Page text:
Menelaus is the King of Sparta. He and his brother Agamemnon (who isn’t in this play) led an army of Greeks to Troy to take back Helen, the most beautiful woman in the world, who is, or was Menelaus’ wife, and Queen of Sparta. He’s one of the lesser known figures in the Trojan War, more or less relegated by Homer and most Greek tragedians to the role of aging cuckold whose stolen wife is used as the reason to start the war, but who himself has little to do with the war: Agamemnon and Odysseus lead the Greeks, and stalwart and famous Greek warriors fight the war.
Yet, despite this, or perhaps because of this, Euripedes chose Menelaus as the only major Greek figure in The Trojan Women, and his scene with Helen and Hecuba is the only one with running dialogue and dramatized conflict. Why? In my mind, it’s because The Trojan Women is a play about domestic tragedy on an epic scale. Menelaus and Helen’s story is the story of the wronged husband, which follows the story about losing a child (at the end of the first half). Menelaus is faced with the same choices that any man whose wife has cheated does, but his choice will have a much bigger effect, and his cuckolding played out on an epic stage.
Menelaus is a man rocked by conflicting emotions, the strongest of which, I think, is his love. His honor, which is one of the bases of his position as King of Sparta, has been doubly marred — first by having his wife, the Queen, stolen from him, and then her apparent willingness. When he comes to Troy, he’s only aware of the first and merely longs to kill Paris and get his wife back. But as the years of the Trojan War drag on, it becomes more and more apparent to him and all the Greeks that Helen must be complicit in her captivity. And this is where things get confusing for him. His love for Helen never lessens, but instead produces anger, bitterness, hurt, sadness, as only love that’s been twisted by betrayal can. And yet, when he’s in public he still has to behave as a king, basically putting a lid on what is a pot boiling over.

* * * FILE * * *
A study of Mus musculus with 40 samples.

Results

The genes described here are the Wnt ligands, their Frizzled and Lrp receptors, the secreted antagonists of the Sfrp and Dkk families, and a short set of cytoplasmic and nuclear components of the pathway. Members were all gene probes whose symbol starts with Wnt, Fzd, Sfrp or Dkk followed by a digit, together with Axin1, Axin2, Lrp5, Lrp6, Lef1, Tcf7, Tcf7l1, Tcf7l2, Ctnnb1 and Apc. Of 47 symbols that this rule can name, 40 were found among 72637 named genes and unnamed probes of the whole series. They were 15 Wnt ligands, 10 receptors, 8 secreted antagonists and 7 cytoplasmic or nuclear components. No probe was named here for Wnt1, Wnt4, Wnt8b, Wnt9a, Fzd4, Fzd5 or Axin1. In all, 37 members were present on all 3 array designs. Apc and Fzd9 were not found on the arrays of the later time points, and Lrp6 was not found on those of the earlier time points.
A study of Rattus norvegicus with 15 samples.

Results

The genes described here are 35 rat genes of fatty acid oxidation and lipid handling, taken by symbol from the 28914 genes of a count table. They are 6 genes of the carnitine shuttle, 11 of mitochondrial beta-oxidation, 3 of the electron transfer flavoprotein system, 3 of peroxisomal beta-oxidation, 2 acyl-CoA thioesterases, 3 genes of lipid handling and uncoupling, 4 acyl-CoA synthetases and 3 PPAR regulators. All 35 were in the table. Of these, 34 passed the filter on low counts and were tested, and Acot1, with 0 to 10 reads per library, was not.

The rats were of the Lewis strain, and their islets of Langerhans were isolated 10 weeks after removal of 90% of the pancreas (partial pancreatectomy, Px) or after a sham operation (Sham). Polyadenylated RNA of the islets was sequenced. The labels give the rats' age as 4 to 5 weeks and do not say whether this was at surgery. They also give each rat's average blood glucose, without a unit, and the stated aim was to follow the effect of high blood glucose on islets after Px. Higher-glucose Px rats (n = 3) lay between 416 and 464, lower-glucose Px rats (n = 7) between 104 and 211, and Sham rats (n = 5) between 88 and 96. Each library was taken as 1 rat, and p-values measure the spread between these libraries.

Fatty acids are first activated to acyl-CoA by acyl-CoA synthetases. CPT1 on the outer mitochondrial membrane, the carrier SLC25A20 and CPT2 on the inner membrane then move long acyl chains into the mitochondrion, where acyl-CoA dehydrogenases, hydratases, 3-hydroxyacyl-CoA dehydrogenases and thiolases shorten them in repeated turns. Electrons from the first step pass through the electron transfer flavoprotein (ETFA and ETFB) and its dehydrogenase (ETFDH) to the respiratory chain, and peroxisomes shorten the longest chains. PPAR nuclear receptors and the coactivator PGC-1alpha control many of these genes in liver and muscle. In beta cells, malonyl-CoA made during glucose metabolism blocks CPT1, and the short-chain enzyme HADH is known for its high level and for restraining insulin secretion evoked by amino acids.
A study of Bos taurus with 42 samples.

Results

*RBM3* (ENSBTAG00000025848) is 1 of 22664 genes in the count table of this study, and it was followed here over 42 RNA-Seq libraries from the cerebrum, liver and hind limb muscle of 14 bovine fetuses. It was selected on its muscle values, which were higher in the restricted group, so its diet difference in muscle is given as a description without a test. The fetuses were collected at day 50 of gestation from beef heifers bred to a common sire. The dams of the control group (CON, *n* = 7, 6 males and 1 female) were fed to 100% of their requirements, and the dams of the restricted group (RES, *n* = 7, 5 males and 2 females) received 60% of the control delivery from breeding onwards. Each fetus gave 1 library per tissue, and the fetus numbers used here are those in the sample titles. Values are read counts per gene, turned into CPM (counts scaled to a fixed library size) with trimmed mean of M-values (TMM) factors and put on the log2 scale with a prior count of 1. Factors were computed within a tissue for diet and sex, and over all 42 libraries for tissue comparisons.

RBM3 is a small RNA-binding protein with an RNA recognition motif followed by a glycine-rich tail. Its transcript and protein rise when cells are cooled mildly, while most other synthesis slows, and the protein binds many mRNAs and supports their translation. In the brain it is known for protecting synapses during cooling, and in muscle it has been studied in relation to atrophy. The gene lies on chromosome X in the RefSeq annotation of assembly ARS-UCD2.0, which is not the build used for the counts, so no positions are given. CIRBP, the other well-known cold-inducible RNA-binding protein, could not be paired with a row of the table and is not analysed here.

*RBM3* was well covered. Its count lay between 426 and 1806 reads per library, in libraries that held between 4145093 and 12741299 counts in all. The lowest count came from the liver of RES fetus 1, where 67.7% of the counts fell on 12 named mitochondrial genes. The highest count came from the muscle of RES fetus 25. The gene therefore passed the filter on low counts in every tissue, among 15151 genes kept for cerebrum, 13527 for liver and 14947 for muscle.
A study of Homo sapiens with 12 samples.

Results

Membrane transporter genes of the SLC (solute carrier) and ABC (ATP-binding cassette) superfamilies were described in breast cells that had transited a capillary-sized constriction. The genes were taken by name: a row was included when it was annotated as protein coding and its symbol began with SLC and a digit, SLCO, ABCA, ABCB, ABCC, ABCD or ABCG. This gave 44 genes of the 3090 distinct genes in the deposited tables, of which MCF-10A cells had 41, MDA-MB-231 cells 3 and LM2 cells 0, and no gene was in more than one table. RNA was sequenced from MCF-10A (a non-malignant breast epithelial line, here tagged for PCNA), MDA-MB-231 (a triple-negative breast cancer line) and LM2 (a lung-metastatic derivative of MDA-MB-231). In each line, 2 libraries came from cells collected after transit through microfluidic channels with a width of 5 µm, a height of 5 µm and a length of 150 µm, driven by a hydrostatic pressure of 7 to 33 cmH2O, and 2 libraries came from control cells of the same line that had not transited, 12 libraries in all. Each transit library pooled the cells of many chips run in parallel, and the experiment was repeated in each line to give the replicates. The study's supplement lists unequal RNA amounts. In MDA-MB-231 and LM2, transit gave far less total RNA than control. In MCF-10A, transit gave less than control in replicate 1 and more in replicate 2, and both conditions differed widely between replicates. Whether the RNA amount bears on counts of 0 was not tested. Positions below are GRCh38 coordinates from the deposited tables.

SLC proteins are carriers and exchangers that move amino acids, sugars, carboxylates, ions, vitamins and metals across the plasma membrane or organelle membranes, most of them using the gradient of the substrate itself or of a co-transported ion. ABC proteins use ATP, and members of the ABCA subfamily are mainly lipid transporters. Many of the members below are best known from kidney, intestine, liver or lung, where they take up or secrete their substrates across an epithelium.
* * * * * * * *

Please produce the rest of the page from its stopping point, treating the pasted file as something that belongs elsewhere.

So, in the end, the answer is that he’s neither. In his own mind, he’s the good guy, the guy who crossed the Aegean Sea with an army to take back what is his. Conveying this and the turmoil of all the conflicting emotions is my challenge as an actor. Yours is to decide for yourself good guy, bad guy, or both.
The Trojan Women is showing Thursdays through Saturdays, July 9th – 25th. Tickets are available here.